The movement's biggest stars are more concerned with their own empires than the Republican Party's fortunes
Jim DeMint works for the Heritage Foundation, not the Republican Party, and certainly not Republican voters.
Jim DeMint works for the Heritage Foundation, not the Republican Party, and certainly not Republican voters. Alex Wong/Getty Images

Take DeMint. GOPers who are against the symbolic move to replace ObamaCare "should be replaced," he says. DeMint also says he's "not as interested in the political futures of folks who think they might lose a showdown with the president." These remarks highlight two of the most fundamental obstacles to the GOP's return to viability as a ruling party in this country.

Large swaths of the conservative base have come to believe that all conservatives in all states should be fire breathers like DeMint. But even if it would be good or desirable to run candidates likeDeMint as the nominee in every race in America, the demographics of modern America make such a policy politically suicidal. Democratic elections mean that people tend to elect leaders that hold views that approximately resemble their own. The very qualities that make a DeMint clone wildly desirable in a dark red southern state like South Carolina make the identical person totally and completely unelectable in Connecticut, Delaware, or Nevada. And if you think my choice of those last three states was a coincidence, it was not, since the GOP has thrown away two slam-dunk Senate wins and one potential Senate win in recent cycles in those states by nominating a fire breather rather than a more "moderate" candidate in the general election.

This is basic politics. Almost any objective observer can look at the numbers and demographic realities and recognize the problem. That raises this question: Jim DeMint may hold some pretty extreme political views, but he's no idiot, so why does he continue to spout this nonsense? The answer, as with so many things, becomes quickly apparent when we think about who he works for and what he is trying to do.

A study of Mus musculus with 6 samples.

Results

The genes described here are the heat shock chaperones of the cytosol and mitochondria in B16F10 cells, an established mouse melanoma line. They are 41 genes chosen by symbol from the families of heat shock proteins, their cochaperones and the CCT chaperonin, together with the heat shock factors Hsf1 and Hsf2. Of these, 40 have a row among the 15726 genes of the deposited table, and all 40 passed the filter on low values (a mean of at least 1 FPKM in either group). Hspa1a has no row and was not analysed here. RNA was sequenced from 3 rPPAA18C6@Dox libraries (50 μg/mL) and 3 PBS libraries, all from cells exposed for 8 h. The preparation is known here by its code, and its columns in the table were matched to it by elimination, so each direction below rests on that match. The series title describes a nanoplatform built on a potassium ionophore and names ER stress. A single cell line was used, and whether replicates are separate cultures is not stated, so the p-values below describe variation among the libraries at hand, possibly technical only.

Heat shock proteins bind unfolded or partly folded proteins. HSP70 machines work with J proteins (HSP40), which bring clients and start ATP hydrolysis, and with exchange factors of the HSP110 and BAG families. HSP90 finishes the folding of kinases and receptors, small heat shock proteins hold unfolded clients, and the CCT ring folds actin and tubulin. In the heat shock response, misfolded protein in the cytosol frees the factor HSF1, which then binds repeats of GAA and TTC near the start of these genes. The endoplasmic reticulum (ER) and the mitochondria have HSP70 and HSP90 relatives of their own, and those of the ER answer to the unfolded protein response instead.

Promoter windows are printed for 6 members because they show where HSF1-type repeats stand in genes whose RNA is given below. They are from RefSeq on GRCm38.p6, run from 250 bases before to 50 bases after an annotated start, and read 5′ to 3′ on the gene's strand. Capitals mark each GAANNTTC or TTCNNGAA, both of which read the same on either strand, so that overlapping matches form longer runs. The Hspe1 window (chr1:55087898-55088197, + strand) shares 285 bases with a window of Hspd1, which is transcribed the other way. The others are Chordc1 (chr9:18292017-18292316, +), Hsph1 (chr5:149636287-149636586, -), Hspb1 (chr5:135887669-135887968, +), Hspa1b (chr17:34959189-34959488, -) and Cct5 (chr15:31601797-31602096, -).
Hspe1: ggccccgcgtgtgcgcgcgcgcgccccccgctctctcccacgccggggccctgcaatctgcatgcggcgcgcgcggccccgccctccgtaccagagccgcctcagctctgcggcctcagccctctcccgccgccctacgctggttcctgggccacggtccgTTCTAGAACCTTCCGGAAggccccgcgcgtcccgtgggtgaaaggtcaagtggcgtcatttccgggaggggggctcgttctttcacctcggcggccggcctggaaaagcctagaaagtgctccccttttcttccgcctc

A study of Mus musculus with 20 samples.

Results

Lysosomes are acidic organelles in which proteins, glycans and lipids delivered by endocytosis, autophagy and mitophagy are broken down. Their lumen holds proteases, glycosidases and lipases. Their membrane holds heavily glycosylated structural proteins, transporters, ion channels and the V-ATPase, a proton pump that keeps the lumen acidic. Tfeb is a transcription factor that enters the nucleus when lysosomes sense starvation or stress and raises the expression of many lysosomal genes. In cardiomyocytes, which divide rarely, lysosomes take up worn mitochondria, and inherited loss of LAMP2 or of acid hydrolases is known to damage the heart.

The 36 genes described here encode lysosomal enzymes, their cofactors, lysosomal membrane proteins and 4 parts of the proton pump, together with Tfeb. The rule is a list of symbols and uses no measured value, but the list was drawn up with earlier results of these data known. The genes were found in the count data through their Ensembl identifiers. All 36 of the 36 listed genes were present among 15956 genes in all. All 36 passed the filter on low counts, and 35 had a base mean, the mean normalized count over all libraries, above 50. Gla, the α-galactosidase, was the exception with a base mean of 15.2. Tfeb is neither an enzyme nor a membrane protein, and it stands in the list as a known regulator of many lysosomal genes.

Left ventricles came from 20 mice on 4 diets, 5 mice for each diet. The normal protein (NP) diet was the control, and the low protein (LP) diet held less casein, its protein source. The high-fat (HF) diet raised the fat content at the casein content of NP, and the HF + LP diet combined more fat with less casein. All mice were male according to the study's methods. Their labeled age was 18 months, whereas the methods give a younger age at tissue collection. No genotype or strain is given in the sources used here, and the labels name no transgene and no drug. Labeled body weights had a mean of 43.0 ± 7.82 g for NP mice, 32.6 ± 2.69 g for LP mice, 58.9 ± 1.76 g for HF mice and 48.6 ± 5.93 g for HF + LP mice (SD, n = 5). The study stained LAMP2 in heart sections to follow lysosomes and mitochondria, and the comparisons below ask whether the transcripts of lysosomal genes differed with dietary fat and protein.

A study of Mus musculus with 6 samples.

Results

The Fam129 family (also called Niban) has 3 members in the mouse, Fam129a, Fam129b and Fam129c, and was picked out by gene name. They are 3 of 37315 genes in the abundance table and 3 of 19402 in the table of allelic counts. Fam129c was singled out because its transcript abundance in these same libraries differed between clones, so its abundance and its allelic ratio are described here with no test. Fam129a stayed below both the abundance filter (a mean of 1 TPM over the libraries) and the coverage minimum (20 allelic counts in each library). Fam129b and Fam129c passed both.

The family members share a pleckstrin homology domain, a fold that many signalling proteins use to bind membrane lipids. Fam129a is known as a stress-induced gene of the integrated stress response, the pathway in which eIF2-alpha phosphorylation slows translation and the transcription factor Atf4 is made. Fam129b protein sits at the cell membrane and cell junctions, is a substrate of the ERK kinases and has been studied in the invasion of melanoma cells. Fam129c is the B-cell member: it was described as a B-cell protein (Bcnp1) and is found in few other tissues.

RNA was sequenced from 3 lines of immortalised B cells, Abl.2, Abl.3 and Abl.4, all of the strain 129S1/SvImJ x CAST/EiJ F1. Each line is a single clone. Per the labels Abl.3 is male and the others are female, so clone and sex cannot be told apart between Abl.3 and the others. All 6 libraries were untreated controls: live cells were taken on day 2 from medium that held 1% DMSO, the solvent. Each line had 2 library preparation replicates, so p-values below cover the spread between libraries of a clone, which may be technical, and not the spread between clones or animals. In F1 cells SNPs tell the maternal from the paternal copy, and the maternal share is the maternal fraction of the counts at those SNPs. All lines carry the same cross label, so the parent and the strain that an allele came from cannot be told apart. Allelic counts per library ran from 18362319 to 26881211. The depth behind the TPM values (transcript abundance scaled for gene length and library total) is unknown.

DeMint does not work for the Republican Party. He does not have the best interests of the GOP in mind when he goes on tour. Instead, DeMint is paid something close to $1 million a year to run the Heritage Foundation. The reason that Heritage is paying the former senator so much cash is because they expect him to raise a lot of it, as think tanks rarely generate revenue and therefore must raise money to survive. So make no mistake, in his present position, DeMint is concerned foremost not with the betterment of the GOP's national position or the good of America, but the bottom line of the Heritage Foundation.

This leads us to a final question: What kind of person is apt to give money to a partisan think tank like Heritage? Your answer: Hyper-enthusiastic rich conservatives. And what these donors like to hear is their own beliefs echoed on television. They are less concerned with, you know, reality… or whether the GOP takes a Senate seat in Connecticut.

This last incentives problem is one that pervades the GOP. Right now, too many people are making too much money by being conservatives. Rush Limbaugh is a bright enough guy and he is an exceptional entertainer, but he knows that his core audience is hyper conservative and he plays to that audience exceptionally well. Same with Fox News: Their core viewers are über-conservative, Fox is in business to make money, and that means catering to the audience's beliefs.

Sadly, the two problems play off of one another. Perhaps if DeMint and Limbaugh were not so busy looking our for #1 (and the organizations they represent), they might talk to their fans about what is and isn't possible. In all likelihood, many of the true believers would embrace a compromise if it meant more conservatives rather than less. But to do so, Limbaugh and DeMint and Fox News would have to risk alienating some of their biggest fans, customers, or donors for the betterment of the party and, as we are so often reminded, they just don't work for the party.

Jeb Golinkin is a graduate of the University of Texas School of Law and writes about U.S. politics and policy for TheWeek.com. From 2008 to 2011, he served as an editor and reporter for Frum Forum/New Majority. Email him at jgolinkin@gmail.com.